FERGUSON Marine in Port Glasgow went bust with debts of more than £70 million - including over £50m owed to taxpayers.

New figures have emerged from the company's administrators, Deloitte, revealing the scale of the financial crisis that brought the Newark shipyard to its knees six weeks ago.

The company owes the Scottish Government £49.7m - £5m more than previously believed.

HM Revenue and Customs is also due a further £426,000 while the European Commission - the executive branch of the EU - has made a claim for £1m.

Scottish ministers provided £45m worth of commercial loans to Ferguson's after engineering tycoon Jim McColl - the boss of Clyde Blowers Capital and a government economic adviser - rescued the yard from administration first time round in 2014.

The latest financial report also revealed that the 300-plus workforce is owed £164k for overtime, holiday pay and pension contributions.

Mr McColl's firm is due £3m while creditors, including a number of Inverclyde companies, are currently £3.9m out of pocket as a result of the yard's cashflow crisis.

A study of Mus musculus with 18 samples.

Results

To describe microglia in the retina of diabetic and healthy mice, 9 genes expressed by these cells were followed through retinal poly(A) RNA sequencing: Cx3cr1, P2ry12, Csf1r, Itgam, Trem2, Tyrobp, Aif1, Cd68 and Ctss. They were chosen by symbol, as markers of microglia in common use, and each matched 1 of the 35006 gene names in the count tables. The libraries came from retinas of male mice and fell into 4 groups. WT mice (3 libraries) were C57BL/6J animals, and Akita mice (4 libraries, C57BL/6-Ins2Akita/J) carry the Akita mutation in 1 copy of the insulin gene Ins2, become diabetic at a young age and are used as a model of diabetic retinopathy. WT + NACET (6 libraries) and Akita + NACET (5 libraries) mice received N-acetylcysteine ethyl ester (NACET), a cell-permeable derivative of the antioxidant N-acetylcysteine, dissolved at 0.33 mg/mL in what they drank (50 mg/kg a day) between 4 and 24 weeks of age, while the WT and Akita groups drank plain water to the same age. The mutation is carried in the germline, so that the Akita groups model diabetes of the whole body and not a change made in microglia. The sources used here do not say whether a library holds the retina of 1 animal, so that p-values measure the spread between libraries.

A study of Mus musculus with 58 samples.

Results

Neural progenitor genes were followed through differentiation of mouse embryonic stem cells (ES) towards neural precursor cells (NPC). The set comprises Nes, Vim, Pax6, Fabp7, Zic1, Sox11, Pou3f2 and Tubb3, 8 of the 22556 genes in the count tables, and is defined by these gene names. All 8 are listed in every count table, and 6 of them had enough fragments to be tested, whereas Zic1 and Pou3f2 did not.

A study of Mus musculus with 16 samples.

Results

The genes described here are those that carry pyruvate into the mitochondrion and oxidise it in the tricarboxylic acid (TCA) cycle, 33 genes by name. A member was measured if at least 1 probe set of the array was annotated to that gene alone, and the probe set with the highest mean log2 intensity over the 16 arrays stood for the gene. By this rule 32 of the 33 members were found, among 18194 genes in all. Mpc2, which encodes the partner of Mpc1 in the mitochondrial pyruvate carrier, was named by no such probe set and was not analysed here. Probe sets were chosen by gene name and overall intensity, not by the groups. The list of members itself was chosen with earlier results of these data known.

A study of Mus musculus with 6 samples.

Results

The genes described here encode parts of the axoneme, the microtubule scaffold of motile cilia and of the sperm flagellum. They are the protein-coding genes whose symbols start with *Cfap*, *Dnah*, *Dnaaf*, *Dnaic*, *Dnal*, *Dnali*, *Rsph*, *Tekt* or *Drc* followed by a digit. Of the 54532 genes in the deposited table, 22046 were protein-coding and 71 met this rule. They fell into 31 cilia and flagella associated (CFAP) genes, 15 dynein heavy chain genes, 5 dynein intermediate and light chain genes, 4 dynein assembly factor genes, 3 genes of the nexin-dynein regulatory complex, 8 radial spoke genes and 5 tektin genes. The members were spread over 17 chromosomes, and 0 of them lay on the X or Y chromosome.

Ferguson's got into difficulty because of a £97m order for two new dual-fuel CalMac ferries placed by Scottish Government-owned Caledonian Maritime Assets Ltd, which is also based in Port Glasgow.

The unfinished vessels, MV Glen Sannox and Hull 802, are currently valued at £48.3m - less than half the original value of the contract.

They should have entered service last year but are only partially-built and now expected to cost double the £97m set-price agreed with CMAL.

The unfinished ships account for half the £97.7m value of Ferguson Marine's total assets, according to the financial assessment.

Ferguson's has been in administration since August 16 but the Scottish Government struck a deal to take control of the business and retain the workforce until a buyer is found.

If there is no new commercial operator, finance secretary Derek Mackay has committed to nationalising the yard to save jobs and finally complete the delayed and over-budget CalMac vessels.

The government is said to be footing the wage bill while the sale process takes place.

There has been a lot of interest in the business with as many as 21 interested parties, as revealed by the Tele.

Deloitte has confirmed there are 'a number of offers' on the table which they are currently mulling over.

A preferred bidder is expected to be announced by the end of this week or early next week.